During a panel discussion on social security reform in Japan on Monday, Prime Minister Taro Aso, known for his outspoken rhetoric, told reporters the country's elderly should be allowed to "hurry up and die," referring to those who could not feed themselves as "tube people."
"Even if (doctors) said they could keep me alive, it would be unbearable," Aso, who is 72, was quoted by ABC News. "I would feel guilty, knowing that (treatment) was being paid for by the government,”
The prime minister later defended his comments, which he says were misinterpreted, claiming that he was speaking in regards to his own personal wishes and not referring to the island nation's senior population.
Japan has one of the oldest populations in the world, with just over 23 percent above 65 years of age, nearly half of which are over 75. Over the next 50 years, the nation's elderly population is expected to spike to an estimated 40 percent, worrying many Japanese lawmakers that existing social security and pension benefits will place severe strains on the country's financial system.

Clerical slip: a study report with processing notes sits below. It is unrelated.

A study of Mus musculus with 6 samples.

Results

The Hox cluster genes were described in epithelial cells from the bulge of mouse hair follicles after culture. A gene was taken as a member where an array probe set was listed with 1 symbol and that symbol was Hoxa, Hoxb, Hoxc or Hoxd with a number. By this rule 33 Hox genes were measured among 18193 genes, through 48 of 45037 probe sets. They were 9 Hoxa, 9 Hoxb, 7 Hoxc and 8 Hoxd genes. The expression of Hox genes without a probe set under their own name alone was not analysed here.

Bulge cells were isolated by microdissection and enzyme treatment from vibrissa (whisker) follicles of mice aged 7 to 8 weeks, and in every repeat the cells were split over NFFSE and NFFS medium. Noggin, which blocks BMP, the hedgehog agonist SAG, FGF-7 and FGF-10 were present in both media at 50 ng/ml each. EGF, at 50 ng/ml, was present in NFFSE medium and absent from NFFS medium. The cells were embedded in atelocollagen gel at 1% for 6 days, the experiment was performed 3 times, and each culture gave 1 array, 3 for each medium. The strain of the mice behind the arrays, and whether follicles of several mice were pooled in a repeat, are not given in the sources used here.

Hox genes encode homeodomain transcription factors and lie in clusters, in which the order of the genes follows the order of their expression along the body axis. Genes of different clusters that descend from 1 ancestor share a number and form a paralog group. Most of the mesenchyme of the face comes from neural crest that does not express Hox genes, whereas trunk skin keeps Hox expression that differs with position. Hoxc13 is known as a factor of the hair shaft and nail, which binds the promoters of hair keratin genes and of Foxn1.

Fearing the inevitable burden caused by the nation's aging population, Japanese lawmakers passed an unpopular tax hike last summer amounting to a doubling of the sales tax to 10 percent over the next three years.
According to the United Nations, Japan consistently has one of the highest life expectancies, with men on average living 80 years and women living 87 years. Currently, a Japanese man named Jiroemon Kimura, holds the title for world's oldest person at 115 years of age.
This isn't the first time Aso has made verbal blunders.
Prior to becoming prime minister in 2008, Aso had referred to his political opposition as Nazis, while saying that his goal was make Japan the kind of country where "the richest Jews would want to live."
Also in 2008 shortly after becoming prime minister, Aso described the elderly as a "feeble" group.
Aso later appeared on national television and apologized for his comments.